National Weather Service United States Department of Commerce

Severe Weather Awareness Week may not begin until February 20, but an outbreak of thunderstorms during the early morning hours of Monday, February 14, has shown residents of the Carolinas that severe weather can strike at any time of the year.

The same potent storm system that spawned killer tornadoes across Georgia Sunday night triggered numerous strong and severe thunderstorms across the eastern Carolinas early Monday morning. Warm and unstable air was drawn into the area Sunday night as a strengthening low pressure system tracked from Arkansas to Pennsylvania. At the same time, a disturbance in the upper-levels of the atmosphere was moving east from Arkansas, across the Gulf Coast states toward South Carolina.

A well-organized line of strong storms tracked across South Carolina north of Columbia before moving into western sections of the NWS Wilmington County Warning Area (CWA) after midnight. Although these storms were quite impressive on WSR-88D radar, no wind damage or large hail was being reported as they approached Darlington and Marlboro counties.

Additional strong storms developed ahead of this line, to the west of Charleston, SC, and radar suggested that they contained winds well in excess of 58 mph... meeting one of the NWS definitions of a severe thunderstorm. After coordinating with the NWS office in Charleston, SC, concerning the history of these storms, the first Severe Thunderstorm Warning was issued by the NWS in Wilmington at 4:07 AM for Williamsburg County, SC. Although no wind damage reports were initially received, the fast-moving storm was headed for Horry County and the highly populated area of Myrtle Beach. Therefore a Severe Thunderstorm Warning was issued for Horry County at 4:43 AM. At 4:37 AM, a Special Marine Warning was raised from Surf City, NC to South Santee River, SC to alert mariners to the severe weather threat.

By this time, storms were developing rapidly to the southwest and moving northeast at 55 to 65 mph. The NWS Storm Prediction Center in Norman, OK issued Tornado Watch #31 at 4:49 AM, which included all of the NWS Wilmington CWA. A third Severe Thunderstorm Warning was issued at 4:54 AM, as one of the storms was bearing down on Georgetown County, SC. By 5:00 AM, a solid line of storms had begun to fill in from Myrtle Beach to Lake Waccamaw. Severe Thunderstorm Warnings were issued for Columbus, Brunswick, New Hanover and Pender counties in North Carolina at 5:04 AM.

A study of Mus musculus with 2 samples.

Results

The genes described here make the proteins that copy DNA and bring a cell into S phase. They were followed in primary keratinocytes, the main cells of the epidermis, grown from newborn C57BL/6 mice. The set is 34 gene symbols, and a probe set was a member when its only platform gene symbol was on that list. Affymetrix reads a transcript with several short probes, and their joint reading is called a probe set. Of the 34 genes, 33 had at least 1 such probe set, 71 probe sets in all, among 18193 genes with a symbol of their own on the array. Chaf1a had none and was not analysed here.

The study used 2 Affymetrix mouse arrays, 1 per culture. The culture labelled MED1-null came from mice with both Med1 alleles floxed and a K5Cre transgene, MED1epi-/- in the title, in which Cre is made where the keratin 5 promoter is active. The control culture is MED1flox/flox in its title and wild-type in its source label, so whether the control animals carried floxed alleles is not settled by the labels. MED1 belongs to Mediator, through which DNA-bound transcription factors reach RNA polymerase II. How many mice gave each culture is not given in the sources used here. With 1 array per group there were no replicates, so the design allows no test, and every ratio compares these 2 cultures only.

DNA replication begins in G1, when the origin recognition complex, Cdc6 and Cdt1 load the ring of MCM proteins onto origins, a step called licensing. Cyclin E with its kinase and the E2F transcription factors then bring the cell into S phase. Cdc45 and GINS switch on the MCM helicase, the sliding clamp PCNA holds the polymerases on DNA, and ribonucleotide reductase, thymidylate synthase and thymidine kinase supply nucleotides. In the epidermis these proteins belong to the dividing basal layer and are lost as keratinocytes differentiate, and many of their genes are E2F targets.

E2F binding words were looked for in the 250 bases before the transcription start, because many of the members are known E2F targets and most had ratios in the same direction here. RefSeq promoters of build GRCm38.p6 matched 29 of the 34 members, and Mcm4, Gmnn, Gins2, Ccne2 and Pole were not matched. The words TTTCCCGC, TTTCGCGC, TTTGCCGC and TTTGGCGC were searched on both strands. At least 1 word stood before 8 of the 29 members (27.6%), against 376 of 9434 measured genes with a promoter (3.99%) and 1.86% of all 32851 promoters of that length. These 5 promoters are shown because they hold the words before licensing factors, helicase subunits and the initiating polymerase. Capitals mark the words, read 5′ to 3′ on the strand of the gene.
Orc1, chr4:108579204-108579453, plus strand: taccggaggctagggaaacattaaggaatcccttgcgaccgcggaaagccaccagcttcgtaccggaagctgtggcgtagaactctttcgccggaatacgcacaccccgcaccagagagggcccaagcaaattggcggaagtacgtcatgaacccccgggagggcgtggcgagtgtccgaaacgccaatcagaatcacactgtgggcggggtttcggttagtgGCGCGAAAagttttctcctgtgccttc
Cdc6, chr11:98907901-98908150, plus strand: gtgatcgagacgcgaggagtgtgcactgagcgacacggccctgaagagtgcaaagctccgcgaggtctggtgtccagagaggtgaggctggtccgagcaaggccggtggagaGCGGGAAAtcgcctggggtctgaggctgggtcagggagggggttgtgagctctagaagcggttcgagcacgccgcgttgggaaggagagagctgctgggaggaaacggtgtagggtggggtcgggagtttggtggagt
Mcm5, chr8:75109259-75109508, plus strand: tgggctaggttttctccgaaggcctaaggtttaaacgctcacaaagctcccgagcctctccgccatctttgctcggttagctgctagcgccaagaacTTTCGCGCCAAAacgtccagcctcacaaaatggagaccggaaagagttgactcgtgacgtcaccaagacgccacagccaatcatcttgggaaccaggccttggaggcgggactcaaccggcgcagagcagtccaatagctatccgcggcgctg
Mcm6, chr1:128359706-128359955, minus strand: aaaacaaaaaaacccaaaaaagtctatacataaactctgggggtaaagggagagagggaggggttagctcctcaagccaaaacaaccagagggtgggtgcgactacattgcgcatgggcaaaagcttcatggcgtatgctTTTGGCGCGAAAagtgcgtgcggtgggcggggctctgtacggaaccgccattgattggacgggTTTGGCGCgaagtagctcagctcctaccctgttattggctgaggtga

At 5:55 AM, a collapsing storm off the Brunswick county coast prompted a Severe Thunderstorm Warning for Brunswick and New Hanover counties as potentially damaging winds were headed towards Long Beach, Holden Beach, Southport and southern Wilmington. At 8:36 AM, the Storm Prediction Center cancelled Tornado Watch #31, but the excitement wasn't quite over. At 8:44 AM, another storm was making a beeline for Georgetown county at 70 mph, and another Severe Thunderstorm Warning was issued.

A wind gust of 68 mph was measured by a HAM Radio operator and Skywarn Observer in Pender county at 5:10 AM. At 5:36 AM, a wind gust to 62 mph was recorded at the NWS office at Wilmington International Airport. Observing equipment in North Myrtle Beach recorded a gust to 52 mph at 5:01 AM.

Tornado Watch #32 was issued for southeastern North Carolina and a good portion of South Carolina at 1:45 PM. A few severe thunderstorms and a possible tornado occurred late Monday afternoon in the NWS Charleston CWA, however no strong or severe storms threatened the Wilmington CWA. The western counties were cleared from the watch at 4:50 PM, and the watch expired quietly for the rest of the area at 7:00 PM Monday evening.

Radar picture 1:  A line of strong thunderstorms move into Darlington and Marlboro counties in South Carolina


Radar picture 2:  Storms strengthened as they moved closer to the coast


Radar picture 3:  Two strong thunderstorms off the Brunswick County, NC coast move north toward land.